Class name: “Matters of Taste: France and its Culinary Culture”
Taught by: Assistant Professor of French and Francophone Studies Kathryne Corbin
Says Corbin about her class:
The culinary culture of France is constructed from a rich fabric of narratives that sustain its very practice. What are those stories? How have they been shared over time? And by whom? In this course, we consider the discourse, indeed the language, that led to the emergence of French cuisine and the rise of gastronomy in the 19th century, and how it has evolved through the 20th century into the present day. Through representations of food in literature and film, as well as non-fiction works such as cookbooks, menus, and sociological and historical texts, this course explores why food is so central to French culture and the ways cuisine intersects with questions of gender, identity, class, and politics in the context of French society.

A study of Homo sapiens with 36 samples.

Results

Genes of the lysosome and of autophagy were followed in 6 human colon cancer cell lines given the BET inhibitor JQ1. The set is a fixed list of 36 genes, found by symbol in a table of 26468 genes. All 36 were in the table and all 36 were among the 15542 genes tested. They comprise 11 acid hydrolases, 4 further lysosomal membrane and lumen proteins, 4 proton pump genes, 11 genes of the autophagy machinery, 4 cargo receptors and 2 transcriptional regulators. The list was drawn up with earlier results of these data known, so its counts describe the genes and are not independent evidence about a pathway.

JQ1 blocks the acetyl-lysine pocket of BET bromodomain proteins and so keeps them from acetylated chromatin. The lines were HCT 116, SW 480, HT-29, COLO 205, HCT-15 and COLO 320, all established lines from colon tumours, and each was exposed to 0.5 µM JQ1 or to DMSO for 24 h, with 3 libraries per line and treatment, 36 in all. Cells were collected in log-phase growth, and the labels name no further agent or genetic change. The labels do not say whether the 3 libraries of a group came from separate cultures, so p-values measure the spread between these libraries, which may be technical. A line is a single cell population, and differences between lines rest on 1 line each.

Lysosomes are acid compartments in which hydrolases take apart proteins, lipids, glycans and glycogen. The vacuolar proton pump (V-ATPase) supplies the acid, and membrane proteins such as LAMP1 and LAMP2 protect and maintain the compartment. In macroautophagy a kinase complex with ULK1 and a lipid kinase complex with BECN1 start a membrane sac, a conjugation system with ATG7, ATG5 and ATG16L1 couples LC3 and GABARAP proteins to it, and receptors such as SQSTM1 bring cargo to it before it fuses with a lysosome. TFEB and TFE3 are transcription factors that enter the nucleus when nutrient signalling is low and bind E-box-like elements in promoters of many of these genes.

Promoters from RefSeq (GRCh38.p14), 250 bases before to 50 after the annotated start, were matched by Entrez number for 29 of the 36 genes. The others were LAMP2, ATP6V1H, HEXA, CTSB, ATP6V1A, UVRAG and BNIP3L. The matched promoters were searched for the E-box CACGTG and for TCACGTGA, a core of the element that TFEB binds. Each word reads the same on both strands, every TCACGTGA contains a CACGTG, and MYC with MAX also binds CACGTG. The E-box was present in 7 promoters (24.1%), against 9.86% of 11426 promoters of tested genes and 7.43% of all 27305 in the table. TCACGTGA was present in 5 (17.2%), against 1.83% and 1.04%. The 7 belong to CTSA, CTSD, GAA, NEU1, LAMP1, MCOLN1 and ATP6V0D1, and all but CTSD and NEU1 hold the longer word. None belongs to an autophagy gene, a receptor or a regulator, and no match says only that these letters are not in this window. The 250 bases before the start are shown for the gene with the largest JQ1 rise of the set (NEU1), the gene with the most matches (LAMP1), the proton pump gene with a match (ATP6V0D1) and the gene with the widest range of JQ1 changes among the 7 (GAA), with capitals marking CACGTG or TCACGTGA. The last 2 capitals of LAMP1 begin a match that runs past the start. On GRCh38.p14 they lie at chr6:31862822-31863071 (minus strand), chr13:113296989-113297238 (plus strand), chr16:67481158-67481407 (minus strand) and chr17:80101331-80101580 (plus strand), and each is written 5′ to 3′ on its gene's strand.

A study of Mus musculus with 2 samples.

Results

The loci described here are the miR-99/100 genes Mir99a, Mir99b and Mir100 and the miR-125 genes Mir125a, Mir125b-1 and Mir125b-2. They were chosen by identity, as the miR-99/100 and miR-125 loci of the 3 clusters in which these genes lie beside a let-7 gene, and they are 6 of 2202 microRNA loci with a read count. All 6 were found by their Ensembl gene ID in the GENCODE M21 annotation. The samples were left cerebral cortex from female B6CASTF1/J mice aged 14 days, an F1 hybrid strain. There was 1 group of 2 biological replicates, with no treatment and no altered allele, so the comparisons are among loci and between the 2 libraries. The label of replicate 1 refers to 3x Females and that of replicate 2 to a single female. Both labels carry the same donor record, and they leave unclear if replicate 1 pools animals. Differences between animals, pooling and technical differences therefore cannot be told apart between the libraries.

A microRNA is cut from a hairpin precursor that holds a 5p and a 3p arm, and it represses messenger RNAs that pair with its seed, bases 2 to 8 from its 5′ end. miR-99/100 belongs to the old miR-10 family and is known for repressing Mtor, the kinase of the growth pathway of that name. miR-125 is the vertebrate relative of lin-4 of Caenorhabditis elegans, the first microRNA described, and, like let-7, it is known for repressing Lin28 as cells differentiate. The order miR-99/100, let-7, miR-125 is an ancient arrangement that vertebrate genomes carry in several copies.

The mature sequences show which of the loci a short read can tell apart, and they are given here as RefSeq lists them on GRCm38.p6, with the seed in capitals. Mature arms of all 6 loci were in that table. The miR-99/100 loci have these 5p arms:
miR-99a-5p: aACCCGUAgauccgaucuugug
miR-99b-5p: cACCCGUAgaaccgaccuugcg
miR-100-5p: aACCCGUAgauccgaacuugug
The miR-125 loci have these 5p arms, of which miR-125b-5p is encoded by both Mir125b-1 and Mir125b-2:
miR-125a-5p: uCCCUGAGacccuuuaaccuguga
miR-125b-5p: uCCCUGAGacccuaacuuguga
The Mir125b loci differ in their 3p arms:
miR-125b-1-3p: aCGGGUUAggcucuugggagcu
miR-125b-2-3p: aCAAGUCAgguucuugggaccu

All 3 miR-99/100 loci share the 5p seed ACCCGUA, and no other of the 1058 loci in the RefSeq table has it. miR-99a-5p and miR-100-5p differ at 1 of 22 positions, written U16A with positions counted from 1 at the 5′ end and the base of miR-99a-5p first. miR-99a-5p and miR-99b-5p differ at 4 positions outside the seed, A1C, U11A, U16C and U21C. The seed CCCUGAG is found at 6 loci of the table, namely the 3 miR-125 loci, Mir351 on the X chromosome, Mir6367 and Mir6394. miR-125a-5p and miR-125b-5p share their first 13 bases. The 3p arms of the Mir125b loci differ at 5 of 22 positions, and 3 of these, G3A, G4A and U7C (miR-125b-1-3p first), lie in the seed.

Corbin on why she wanted to teach this class:
In 2010, the “gastronomic meal of the French,” described as “a customary social practice for celebrating important moments in the lives of individuals and groups,” was added to UNESCO’s Representative List of the Intangible Cultural Heritage of Humanity. Since I read the dossier submitted to UNESCO, I have had so many questions about gastronomy and meals and “the French.” I created this class to look deeper into questions of identity and food. I also love to cook and to eat, and I think most students do, too, so everyone has something to contribute to making intercultural connections.
Corbin on what makes this class unique to her department:
For one, French 254 “French in English” is the only course offered in English. This course rotates among departmental faculty, each of us teaching a different subject in English. Mine is the only course in the department that focuses uniquely on cuisine.
Learn more about other courses offered by the Department of French & Francophone Studies.